When I was a lad, Mark Tobey (1890-1976) was Seattle's claim to artistic fame. Tobey was born in Wisconsin and died in Switzerland, living only parts of his life in or near Seattle, as his Wikipedia entry indicates. He was associated with a school of Pacific Northwest painters that I wrote about here.
Tobey seems to hold a marginal place in standard histories of modernist painting despite the honors and showings of his work in major museums during his lifetime (see the Wikipedia link above for details). He isn't completely ignored, yet he isn't featured with the likes of de Kooning, Rothko, Kline or even Pollock whose famous "drip" paintings look similar to the careful calligraphic abstractions Tobey was creating a few years earlier.
Tobey's signature "white writing" style of abstract or almost-abstract painting gelled in the early 1940s and, so far as I can tell, he never really transcended it during the remaining 30 years of his career. Here are examples of his work.
These two portraits indicate that Tobey was perfectly capable of producing representational art.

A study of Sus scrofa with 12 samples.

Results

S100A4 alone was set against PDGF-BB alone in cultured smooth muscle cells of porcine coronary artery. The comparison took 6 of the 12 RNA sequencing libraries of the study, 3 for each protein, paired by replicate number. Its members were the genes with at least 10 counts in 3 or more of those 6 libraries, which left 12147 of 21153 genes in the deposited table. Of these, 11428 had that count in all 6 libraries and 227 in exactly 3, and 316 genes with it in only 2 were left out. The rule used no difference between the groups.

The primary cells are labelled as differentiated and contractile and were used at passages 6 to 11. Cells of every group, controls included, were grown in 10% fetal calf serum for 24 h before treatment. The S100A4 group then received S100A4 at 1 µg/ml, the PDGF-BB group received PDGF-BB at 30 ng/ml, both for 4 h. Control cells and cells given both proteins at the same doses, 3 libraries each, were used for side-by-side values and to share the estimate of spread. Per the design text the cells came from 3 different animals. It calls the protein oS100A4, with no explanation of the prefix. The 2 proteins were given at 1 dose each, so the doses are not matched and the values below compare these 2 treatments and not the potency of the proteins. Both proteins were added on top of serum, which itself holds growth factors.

In the 1930s and 40s when Tobey used what now is known as the Pike Place Market for subject matter. Seattle was hardly the sleek, world-class city it is today. The market back then was perched above a long row of working piers topped by warehouses and on its uphill side was First Avenue, in those days a street lined with taverns, pawn shops, girlie show theaters, third-run movie houses, flop houses and missions. Such grittiness seems to appeal to many artists, Tobey among them.
Tobey had been doing "white writing" for a few years, but still was willing to include more recognizable human figures and other colors in some of his works.
An example of the visually dense works he made as his preferred technique evolved a little.
This small "white writing" tempera measures 4.5 x 6.5 inches (11 x 16.5 cm).